In Providence: Up on the Housetop

If you drove by a house on the South Side of Providence a few years ago around the holidays, you might have seen a family standing outside trying to figure out how to rescue Santa.

“What happens is, my husband dresses up like Santa every year for the kids, and on Christmas Eve, my brother and his kids come over, and we do the presents, and then we go, ‘What’s that sound? It sounds like Santa!’ My husband — he sneaks out and gets up on the roof. I tell him that he’s getting too old to be doing that, but the kids get all excited for it.”

The custom is for the whole family to go outside, wave to Santa and then head back in to watch The Grinch Who Stole Christmas. Then, the missing member of the family sneaks back in and swears that he was downstairs in the basement when Santa showed up, and oh gosh, did he miss him again like he did last year?

“It’s stupid, but it’s cute. The kids love it.”

But in 2017, things got a little dicey.

“He had snuck out and was gone for about 10 minutes. We were just about to do our whole act where we tell the kids we think we hear something, but we really do hear something. We hear this big bang. I think he’s just overdoing it, and I think, I’m going to tell him to go easy, or he’s going to come right through the roof next time. I think he’s being a ham, you know? Next thing I know, I hear yelling and everybody goes running outside.”

When they did, they saw Santa hanging onto the top of the roof, legs flailing, and a cherished holiday tradition quickly became a family emergency.

“My brother is going– ‘We gotta call the fire department.’ I’m yelling at him– ‘I’m not getting all those fire people involved in this.’ My father was alive 92 years. Never called the fire department once. Not once. We got a ladder by the garage. I told my brother, ‘Go up there and get Santa.’ All the kids are crying. My sister-in-law took them inside and told them, ‘Santa’s going to be okay. Mom and Uncle are going to save him. Don’t worry.’ My poor kids are traumatized now, all because my stupid husband has to play Santa for my kids and all the neighbors to see.”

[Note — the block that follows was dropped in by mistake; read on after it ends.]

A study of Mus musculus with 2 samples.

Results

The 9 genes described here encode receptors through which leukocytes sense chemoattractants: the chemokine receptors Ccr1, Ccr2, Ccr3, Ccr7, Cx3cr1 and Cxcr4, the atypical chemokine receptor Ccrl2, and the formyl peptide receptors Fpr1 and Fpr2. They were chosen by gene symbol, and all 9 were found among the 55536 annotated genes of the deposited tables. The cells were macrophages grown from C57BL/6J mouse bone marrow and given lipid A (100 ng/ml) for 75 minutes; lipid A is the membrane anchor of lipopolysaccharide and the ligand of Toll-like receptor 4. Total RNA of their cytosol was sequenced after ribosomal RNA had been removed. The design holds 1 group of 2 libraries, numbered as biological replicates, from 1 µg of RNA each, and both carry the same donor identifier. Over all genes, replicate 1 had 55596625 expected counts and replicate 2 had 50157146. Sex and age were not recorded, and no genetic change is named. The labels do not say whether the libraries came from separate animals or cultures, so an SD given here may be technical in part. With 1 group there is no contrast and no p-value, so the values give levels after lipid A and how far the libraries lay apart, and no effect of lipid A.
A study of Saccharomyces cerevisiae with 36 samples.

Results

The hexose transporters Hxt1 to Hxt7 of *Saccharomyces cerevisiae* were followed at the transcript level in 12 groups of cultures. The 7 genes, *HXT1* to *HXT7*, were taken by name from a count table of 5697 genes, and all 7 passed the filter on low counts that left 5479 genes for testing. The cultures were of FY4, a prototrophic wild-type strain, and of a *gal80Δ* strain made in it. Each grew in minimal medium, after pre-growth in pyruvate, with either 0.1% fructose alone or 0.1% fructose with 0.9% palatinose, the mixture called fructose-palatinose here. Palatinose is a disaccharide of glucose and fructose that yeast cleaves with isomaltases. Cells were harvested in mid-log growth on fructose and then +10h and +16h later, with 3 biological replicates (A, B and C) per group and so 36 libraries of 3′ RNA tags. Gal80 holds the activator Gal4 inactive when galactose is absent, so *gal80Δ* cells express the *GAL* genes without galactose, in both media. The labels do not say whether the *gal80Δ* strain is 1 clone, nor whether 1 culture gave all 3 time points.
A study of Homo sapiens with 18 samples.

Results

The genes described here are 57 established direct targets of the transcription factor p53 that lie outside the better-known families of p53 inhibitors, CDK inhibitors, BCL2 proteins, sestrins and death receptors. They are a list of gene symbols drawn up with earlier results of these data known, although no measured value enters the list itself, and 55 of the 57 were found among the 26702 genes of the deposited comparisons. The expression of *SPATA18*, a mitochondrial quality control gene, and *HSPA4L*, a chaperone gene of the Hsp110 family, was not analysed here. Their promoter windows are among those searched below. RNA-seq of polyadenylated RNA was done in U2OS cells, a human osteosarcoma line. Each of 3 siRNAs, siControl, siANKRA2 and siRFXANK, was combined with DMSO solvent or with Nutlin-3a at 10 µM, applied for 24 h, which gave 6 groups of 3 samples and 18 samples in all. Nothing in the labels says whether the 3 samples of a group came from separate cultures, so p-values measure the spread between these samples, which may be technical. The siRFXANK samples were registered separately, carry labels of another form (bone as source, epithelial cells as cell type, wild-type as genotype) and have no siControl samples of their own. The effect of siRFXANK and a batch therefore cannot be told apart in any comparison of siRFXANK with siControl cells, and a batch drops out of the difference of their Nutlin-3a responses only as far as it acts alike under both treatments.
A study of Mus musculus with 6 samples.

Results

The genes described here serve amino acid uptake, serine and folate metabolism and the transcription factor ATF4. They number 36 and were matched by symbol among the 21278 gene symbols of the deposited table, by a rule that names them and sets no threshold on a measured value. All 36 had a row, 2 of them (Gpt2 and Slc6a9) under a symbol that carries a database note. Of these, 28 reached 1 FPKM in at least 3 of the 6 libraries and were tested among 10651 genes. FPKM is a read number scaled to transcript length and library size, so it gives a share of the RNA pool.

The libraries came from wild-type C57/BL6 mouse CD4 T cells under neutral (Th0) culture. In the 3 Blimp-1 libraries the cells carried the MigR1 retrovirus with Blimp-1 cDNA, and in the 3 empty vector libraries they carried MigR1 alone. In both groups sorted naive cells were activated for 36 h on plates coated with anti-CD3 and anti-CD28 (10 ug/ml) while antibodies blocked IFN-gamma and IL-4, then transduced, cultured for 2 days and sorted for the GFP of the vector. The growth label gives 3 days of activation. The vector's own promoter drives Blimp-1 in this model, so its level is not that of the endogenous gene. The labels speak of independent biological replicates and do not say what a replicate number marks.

And speaking of the neighbors–

“They start coming out of their houses. A bunch of nosebags. Get back in your houses. What are you looking at? My husband’s trying to do a nice thing for the kids, and these people are coming out to laugh. He could have died. One of my neighbors brought me over some coffee though while my brother got up on the ladder. That was nice. She’s nice, the woman across the street. She’s a nurse. God bless those people. I don’t know how they do it.”

Her brother managed to get up on the roof, but once he did, he realized what the problem was. The entire surface was nearly covered in ice. It had rained and her husband hadn’t checked to make sure it wasn’t frozen over before it was too late.

“Now my brother is up there trying to get ahold of something, and my husband’s hanging on and screaming that he’s losing his grip, and the kids can hear him screaming inside, so my sister-in-law’s turning up the tv so the kids can’t hear, and I’m screaming at my husband that he needs to shut up, because he’s scaring the kids, and the neighbors are saying we should call the fire department, and I’m telling them– ‘Mind your own business!’ Except for the lady across the street, she’s nice. I like her. You should hear how much she works. She never gets a break. God bless her.”

Finally, her brother managed to get to her husband and help him get to the ladder. Once they were safely down on the ground, he took a few photos with the neighbors, and then waved to the kids through the window so they could see Santa was all right.

“Imagine if he fell through the roof on Christmas Eve! I would have killed him. I would have killed Santa right in front of the kids. Good thing we had that ladder. We borrowed it from my cousin and never gave it back. Don’t use my name. I don’t want my cousin to know we still have that ladder. What does he need it for? He has more money than god. He could buy 20 ladders if he wanted to. That ladder saved my husband’s life.”

Since that year, Santa doesn’t make his trip up to the rooftop anymore, but he does wave to the kids from the comfort of the front yard.

“I told him to go over and wave to the lady across the street, too. She’s a nurse in the middle of all of this. Do you believe it? I told him, ‘Go over there and have Santa wave to her, because she deserves it. She’s a hero. Get over there before I come out there and kick Santa’s ***.’ That’s what I told him. She got a real kick out of it. I’m glad. She’s a good person.”

And what about the kids?

“They’re getting a little older now. I don’t know if they like seeing Santa as much as they used to. But my husband still likes doing it, you know? These days, it’s really more for him. It makes him so happy to do it. As long as he doesn’t try getting back up on that roof, I don’t care. But I’m not paying for a new roof just so he can play Santa. ‘Santa’s walking this year, kids.’ That’s what I told the kids the first year he was outside in the yard. ‘Santa’s just going to walk.

Even the oldest traditions have to change with the times.